I’ve been working on this blog post for more than two weeks. To make it happen, I spent a lot of time and I
- Copied three poems into my notebook (1 long one, 1 medium length, and 1 short one)
- Set up a new Blogger web site
- Made myself a bit crazier than I was before I started the process
Was it worth it? I think so. Here’s what the “it” is.
One of my all-time favorite poems is, Ode 536, Intimations of Immortality, by William Wordsworth. Another is, DEROS: My Soul, by Steve Mason, from his book Johnny’s Song (out of print but you can still find copies). Recently, I reread DEROS. As I was reading it, I had an idea, combine lines from each of the poems to make one poem, since they share a theme – the origin, death, and rediscovery of the soul.
I didn’t have a clue what that would look like, so I decided to find out. First I copied them into my notebook – a technique I often use to make sure I understand something that I really want to understand (that’s why I’ve copied the book, The Tao of Power, six times, from cover-to-cover, and I’m about to start a seventh copy).
Since Intimations of Immortality is the longest of the poems, I started with it. Somewhere around line 190, it hit me that there is another poem on my noteworthy list that should be added to the project, Rainer Maria Rilke’s short poem that I call, The Church in the East, since Rilke elected not to give it a name. So, I finished copying Intimations, then I copied DEROS, and finally I copied The Church in the East. Then I counted the lines in The Church in the East, since it is the shortest, by far, of the three. There are only fifteen of them, plus two line breaks. Fifteen lines became my target. I found fifteen lines, of the 240 lines of Intimations of Immortality, that I wanted to use and did the same for DEROS (though that meant leaving out my three favorite lines). Then, by alternating the three sets of lines, I created the poem that was in my mind from the beginning.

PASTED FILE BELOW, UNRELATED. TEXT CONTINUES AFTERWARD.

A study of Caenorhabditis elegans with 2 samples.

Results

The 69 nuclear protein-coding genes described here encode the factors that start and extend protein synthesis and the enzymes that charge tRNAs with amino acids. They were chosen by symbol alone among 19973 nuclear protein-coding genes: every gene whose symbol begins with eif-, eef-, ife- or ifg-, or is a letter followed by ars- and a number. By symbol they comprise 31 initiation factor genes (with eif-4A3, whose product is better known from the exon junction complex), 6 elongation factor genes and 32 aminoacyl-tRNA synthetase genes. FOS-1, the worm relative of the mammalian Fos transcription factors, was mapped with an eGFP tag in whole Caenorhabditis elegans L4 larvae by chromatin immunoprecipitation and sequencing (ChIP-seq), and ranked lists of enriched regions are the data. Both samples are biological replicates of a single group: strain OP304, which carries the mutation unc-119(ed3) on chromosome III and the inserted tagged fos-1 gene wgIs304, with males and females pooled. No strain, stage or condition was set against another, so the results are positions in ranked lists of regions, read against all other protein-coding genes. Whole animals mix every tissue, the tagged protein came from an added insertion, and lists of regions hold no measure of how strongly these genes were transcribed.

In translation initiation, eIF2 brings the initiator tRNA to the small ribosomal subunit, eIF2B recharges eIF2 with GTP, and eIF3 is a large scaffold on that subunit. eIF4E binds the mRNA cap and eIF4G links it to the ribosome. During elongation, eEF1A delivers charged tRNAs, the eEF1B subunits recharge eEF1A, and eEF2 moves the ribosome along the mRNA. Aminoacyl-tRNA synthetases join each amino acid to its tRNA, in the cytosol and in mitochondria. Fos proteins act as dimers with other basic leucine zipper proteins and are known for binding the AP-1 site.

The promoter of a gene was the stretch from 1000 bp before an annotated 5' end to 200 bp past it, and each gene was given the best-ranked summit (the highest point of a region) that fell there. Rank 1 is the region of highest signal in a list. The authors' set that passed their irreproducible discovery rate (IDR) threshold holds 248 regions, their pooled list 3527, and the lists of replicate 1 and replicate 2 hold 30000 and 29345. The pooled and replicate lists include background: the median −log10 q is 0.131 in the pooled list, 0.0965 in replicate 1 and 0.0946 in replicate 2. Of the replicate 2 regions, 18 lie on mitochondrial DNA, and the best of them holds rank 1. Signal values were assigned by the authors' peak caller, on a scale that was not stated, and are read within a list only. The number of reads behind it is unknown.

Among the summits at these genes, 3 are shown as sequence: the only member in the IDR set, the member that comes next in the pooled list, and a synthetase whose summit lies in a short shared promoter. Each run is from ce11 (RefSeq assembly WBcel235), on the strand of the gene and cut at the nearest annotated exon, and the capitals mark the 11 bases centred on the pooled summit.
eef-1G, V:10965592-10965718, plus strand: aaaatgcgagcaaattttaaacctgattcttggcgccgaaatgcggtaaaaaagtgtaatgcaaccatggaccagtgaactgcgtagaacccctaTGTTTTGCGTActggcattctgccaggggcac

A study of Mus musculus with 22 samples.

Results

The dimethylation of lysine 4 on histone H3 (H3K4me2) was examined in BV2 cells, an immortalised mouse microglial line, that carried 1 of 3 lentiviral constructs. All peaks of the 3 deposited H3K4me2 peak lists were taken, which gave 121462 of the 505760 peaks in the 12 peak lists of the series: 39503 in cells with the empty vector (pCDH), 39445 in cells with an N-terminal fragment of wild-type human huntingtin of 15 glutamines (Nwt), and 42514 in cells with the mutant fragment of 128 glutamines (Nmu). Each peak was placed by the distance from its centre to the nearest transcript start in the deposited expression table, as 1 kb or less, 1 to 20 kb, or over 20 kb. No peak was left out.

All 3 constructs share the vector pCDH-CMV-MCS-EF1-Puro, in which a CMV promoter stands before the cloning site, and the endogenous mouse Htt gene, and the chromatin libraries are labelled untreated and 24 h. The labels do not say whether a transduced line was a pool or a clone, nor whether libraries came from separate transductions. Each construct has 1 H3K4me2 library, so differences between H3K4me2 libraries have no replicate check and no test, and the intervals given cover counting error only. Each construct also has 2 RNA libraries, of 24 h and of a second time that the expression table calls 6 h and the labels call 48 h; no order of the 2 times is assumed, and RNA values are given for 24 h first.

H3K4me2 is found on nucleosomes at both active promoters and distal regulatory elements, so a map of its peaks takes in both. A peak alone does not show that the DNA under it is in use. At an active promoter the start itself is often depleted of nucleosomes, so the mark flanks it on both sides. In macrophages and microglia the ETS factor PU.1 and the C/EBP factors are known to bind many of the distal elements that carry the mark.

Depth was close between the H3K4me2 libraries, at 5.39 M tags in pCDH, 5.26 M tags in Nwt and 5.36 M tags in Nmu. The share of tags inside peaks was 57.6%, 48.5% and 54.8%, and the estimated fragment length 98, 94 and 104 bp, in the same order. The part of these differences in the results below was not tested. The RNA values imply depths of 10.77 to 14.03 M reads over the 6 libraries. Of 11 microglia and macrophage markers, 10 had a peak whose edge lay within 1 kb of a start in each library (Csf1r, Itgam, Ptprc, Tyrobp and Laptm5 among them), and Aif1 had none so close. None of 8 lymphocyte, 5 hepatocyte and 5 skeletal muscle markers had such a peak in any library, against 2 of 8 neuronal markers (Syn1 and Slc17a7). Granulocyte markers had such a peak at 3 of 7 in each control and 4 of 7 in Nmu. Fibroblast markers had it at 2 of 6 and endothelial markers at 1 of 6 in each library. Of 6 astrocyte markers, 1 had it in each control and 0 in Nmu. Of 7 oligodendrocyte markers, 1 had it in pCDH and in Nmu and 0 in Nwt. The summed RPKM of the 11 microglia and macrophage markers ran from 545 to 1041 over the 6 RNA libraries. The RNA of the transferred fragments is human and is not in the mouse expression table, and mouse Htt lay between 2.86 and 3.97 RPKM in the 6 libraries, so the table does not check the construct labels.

I read the results, liked it, but realized it needed something – a way to distinguish one poem from the others. So, I decided to color code them. If you use WordPress, you know the next problem that I encountered. If you don’t use WordPress, the problem is no color fonts. That was fairly easy to overcome. I used Blogger for years before I set up my first WordPress site, so I knew that I could change font color there. I thought about using one my existing Blogger sites but decided instead to I set up a new blog. I call it Noteworthy Poems.
Before you follow the link to the 45 lines, here’s the color code: Red – Rilke, Black – Wordsworth, and Blue – Mason.
The links will take you to each one.
Let me know what you think about the results, or anything else you’d like to let me know about.